OKLAHOMA CITY (KFOR) – When a parent goes to prison, unfortunately, their children may someday follow that path. Growing up with a parent in prison can create an unstable upbringing, and often leads to a cycle – a family curse – called “generational incarceration.”

However, one school in Oklahoma City, designed exclusively for kids growing up with a loved one behind bars, is teaching students to succeed by breaking that cycle.

Marcus Flores plays guitar with students at Little Light Christian School. Photo: KFOR

“I want to write music and go on tour, and travel the world playing music,” Marcus Flores said. Marcus is one of 29 students at Little Light Christian School, who was born into a life shackled by the chains of generational incarceration.

Little Light Christian School in Oklahoma City.
Little Light Christian School in Oklahoma City. Photo courtesy Robin Khoury, Superintendent.

“I come from a dark place,” he said. “It was tough for me. Both my parents have been to prison. I have plenty of uncles and aunts that have been to prison, I had a grandmother who served about five years.”

Because of that devastating, downward cycle, four years ago, Marcus and his younger sister, Nina, were enrolled at Little Light Christian School – a free, non-profit, private school, funded by donations.

“I will be the first person to graduate high school in my family,” Marcus said.

It is here where Marcus learned to play the electric guitar, taught by music teacher Ernie Tullis.

“Marcus is just… I love that boy like he was mine,” Ernie said.

“Mr. Ernie,” as the kids call him, knows all too well the extra load his students carry. He was once one of them.

“I speak their language,” said Mr. Ernie.

Ernie left home at 16, hitchhiked to New Orleans, and got a job playing piano at a bar on Bourbon Street. That’s where, surrounded by sin, Ernie found God, became a minister – and broke free. He says generations of family felons ended with him.

“You can break chains, you can change your family tree,” said Ernie. “One of my favorite verses in the Bible that I tell the kids all the time and just speak into them, is that someday your kids and your grandkids will say, ‘We are blessed and you are blessed, because you took us a different way.'”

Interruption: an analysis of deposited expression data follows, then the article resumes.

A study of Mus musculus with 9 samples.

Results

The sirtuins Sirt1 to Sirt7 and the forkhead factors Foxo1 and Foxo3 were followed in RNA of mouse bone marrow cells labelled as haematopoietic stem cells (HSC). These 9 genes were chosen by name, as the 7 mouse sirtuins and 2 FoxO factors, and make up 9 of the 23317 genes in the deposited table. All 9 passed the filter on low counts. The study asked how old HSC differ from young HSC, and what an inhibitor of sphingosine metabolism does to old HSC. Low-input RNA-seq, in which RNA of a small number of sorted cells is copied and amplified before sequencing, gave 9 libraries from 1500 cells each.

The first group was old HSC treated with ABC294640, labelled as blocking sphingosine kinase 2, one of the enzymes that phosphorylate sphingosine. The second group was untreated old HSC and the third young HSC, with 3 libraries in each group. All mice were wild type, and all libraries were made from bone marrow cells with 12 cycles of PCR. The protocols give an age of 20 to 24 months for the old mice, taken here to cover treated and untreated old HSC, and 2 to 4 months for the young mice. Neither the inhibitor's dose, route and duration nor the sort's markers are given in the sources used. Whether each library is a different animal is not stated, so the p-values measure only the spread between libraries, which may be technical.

After decades of teaching, Ernie now has 85 former students playing music in churches across the globe in four countries, and one current student playing in Choctaw, Oklahoma.

At 18, Marcus is the youngest member of the praise band at Choctaw Road Baptist Church, where he shares the stage with Mr. Ernie, who plays the keys.

Marcus is the youngest member of the praise band at Choctaw Road Baptist Church. Photo: KFOR.

Next to the young man Ernie loves like his own, is Ernie’s son Caleb, on the drums. All of Ernie’s sons play in churches. He’s a very proud dad, just like Marcus’ father, whose complete transformation after prison led to Marcus’ strong faith.

“He did a complete 180 for me and my sister,” Marcus said of his father. “I think, to this day, that’s why I believe. Because God can take something that’s so wrong and turn it into something good.”

What started as a wrench thrown into the mix of Marcus’ young life, is changing course. He strums his own tune now, rewriting the one life handed him. Marcus has seven original songs ready to track at Mr. Ernie’s recording studio this summer.

“He’s very gifted,” Ernie said.

Mr. Ernie and Marcus share the stage at Choctaw Road Baptist Church. Photo: KFOR.

Marcus will be a senior this fall, and in 2024, he will walk the stage with not only his family’s first high school diploma, but also with a college associate’s degree, after taking a full load of concurrent classes.

“I will be the first to graduate, I will be the first to go to college, so it’s a bunch of chains that I’m already breaking in that cycle. It’s amazing because I get to show them, ‘Hey, here’s the mess, and here’s me,’ and I’m going to turn from that and steer us in a different direction,” Marcus said.

Mr. Ernie boasted, “The sky is the limit with that one. He can be as good as he wants to be. He’s just on fire.” A fire, that already burns so brightly, and sparked from the help of one “Little Light.”

“It just comes to show what God can do,” said Marcus, smiling.